PDD, the firm behind the fast-growing shopping app Temu, is shaking up China’s Big Tech club.
On Thursday, news of Alibaba’s market cap sliding under that of PDD made headlines all over the Chinese internet. This development marked a historic shift in China’s e-commerce space, where for years Alibaba had held the crown jewel. Now the 24-year-old incumbent is facing its greatest challenges while eight-year-old PDD catches up with an impressive ascent.
PDD, which saw its market value surge over $188 billion after reporting a doubling in revenue year-over-year, isn’t even trading at its all-time high, which was recorded in early 2021. The moment is a reminder of Alibaba’s gradual descent from its heights in recent times.
Alibaba’s troubles began in late 2020 after its founder Jack Ma publicly criticized Chinese regulations, sending shockwaves through the country’s tech industry. His remarks were widely seen as the catalyst for the suspension of the initial public offering of Ant Group, the fintech giant he created. In the two years that followed, Beijing kicked off a series of crackdowns on the internet sector in an effort to rein in powerful players like Alibaba.
As Ma retreated from public view, Alibaba had been working on splitting into six independent entities, but parts of the plan were abruptly abandoned. In September, the firm said it decided to discontinue the spin-off of its cloud computing unit, citing “uncertainties” triggered by U.S. export controls of advanced computing chips to China. It also put the planned IPO of its grocery operation Freshippo on hold. The series of news wiped billions of dollars off Alibaba’s market value.
Meanwhile, PDD has been forging ahead thanks to growth at home and overseas. In recent years its domestic marketplace Pinduoduo has become a formidable rival to Alibaba’s Taobao, offering a wide range of low-cost products and deep shopper discounts, though its traction has come at the cost of heavy marketing expenses and squeezed merchant margins.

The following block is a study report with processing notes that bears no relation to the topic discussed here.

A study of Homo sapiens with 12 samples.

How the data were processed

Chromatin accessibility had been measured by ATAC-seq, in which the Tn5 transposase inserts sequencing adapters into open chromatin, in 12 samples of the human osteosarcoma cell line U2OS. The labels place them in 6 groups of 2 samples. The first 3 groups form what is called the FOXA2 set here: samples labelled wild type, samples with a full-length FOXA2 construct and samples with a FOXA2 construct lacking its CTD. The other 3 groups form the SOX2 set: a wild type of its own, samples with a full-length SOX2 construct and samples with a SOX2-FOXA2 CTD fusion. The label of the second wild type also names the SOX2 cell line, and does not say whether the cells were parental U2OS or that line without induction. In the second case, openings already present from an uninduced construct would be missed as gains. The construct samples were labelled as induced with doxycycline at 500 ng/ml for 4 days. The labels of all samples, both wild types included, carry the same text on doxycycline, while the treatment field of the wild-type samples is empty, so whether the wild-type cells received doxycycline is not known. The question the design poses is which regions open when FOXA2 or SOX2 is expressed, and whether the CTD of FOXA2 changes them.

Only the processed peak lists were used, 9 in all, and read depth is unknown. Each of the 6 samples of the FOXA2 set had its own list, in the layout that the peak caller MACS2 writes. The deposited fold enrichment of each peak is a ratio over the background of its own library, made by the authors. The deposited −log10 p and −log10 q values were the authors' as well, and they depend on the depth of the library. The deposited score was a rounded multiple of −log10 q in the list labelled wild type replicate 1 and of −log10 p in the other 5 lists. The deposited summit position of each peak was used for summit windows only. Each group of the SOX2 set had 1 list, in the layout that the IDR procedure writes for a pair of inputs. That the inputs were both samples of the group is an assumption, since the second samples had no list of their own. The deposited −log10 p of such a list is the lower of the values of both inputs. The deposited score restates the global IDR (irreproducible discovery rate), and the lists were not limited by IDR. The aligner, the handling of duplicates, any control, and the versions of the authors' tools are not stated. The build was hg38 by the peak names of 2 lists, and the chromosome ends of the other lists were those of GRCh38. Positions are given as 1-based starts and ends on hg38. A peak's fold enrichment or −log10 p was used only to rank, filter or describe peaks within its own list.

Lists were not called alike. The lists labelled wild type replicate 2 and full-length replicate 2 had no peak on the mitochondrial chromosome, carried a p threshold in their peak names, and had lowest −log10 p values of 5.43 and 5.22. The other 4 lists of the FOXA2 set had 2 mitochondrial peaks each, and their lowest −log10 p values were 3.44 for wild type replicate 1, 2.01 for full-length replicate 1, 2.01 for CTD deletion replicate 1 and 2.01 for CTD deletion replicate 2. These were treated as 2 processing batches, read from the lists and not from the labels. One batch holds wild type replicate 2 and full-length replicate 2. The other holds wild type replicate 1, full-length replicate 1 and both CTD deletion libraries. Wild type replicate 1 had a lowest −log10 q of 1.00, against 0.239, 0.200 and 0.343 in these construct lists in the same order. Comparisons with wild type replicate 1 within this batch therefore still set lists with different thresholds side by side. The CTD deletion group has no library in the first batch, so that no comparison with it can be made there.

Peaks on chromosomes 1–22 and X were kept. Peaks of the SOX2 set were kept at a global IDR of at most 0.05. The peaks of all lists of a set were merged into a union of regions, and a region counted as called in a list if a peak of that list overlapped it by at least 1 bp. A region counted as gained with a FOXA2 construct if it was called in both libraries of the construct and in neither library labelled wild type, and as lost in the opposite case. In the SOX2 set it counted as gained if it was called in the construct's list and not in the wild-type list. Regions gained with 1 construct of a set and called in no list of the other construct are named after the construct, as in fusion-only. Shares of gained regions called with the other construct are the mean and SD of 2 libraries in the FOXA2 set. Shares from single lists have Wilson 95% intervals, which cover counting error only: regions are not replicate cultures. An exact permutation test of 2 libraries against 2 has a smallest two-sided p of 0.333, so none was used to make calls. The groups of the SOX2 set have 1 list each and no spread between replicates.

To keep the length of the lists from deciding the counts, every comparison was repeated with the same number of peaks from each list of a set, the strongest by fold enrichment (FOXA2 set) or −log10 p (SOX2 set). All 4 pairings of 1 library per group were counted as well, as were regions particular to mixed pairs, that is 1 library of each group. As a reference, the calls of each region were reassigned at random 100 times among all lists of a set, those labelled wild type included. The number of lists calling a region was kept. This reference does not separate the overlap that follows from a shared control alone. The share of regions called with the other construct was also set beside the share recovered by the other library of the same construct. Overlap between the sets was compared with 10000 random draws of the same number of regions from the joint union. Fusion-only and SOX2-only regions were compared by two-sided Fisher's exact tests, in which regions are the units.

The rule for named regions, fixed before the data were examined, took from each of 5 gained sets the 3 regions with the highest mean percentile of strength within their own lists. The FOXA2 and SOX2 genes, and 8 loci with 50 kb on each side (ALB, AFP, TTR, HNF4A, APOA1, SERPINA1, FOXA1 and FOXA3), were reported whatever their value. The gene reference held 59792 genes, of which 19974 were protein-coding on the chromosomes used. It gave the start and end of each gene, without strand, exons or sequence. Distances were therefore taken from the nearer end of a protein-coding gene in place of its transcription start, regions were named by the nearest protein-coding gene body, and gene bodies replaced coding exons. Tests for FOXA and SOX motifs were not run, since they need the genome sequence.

Undeterred by its skyrocketing sales and marketing expenses — which rose to 55.6 billion yuan ($7.6 billion) in the first nine months of 2023, compared to 36.6 billion yuan in the same period last year — Temu has taken its growth recipe from China to some 40 markets. The firm generated $21.8 billion in revenues from the first three quarters of this year.
With its catchy tagline “Shop like a billionaire,” Temu’s aggressive marketing is paying off. For the last 90 days, the app has sat at the top of the shopping category in the U.S. App Store and Google Play Store, according to market intelligence firm data.ai.
Temu’s ascent has become a threat to industry incumbent Amazon and upstart Shein. Both targeting cost-sensitive consumers and relying on supply chains in China, Shein and Temu have been in a legal battle but recently dropped their lawsuits against each other.
Unsurprisingly, U.S. authorities already have an eye on Temu’s rise. In April, the U.S.-China Economic and Security Review Commission under Congress published a report detailing the “challenges” presented by Chinese fast fashion platforms, calling out Temu and Shein. Those challenges include “exploitation of trade loopholes; concerns about production processes, sourcing relationships, product safety, and use of forced labor; and violations of intellectual property rights.”
Temu might become the next TikTok if its influence continues to grow in the U.S., which will then alarm politicians who regard China-affiliated apps as posing security threats. But before any action to restrict the platform materializes, Temu will continue to attract users by relentlessly spending on ads and discounts.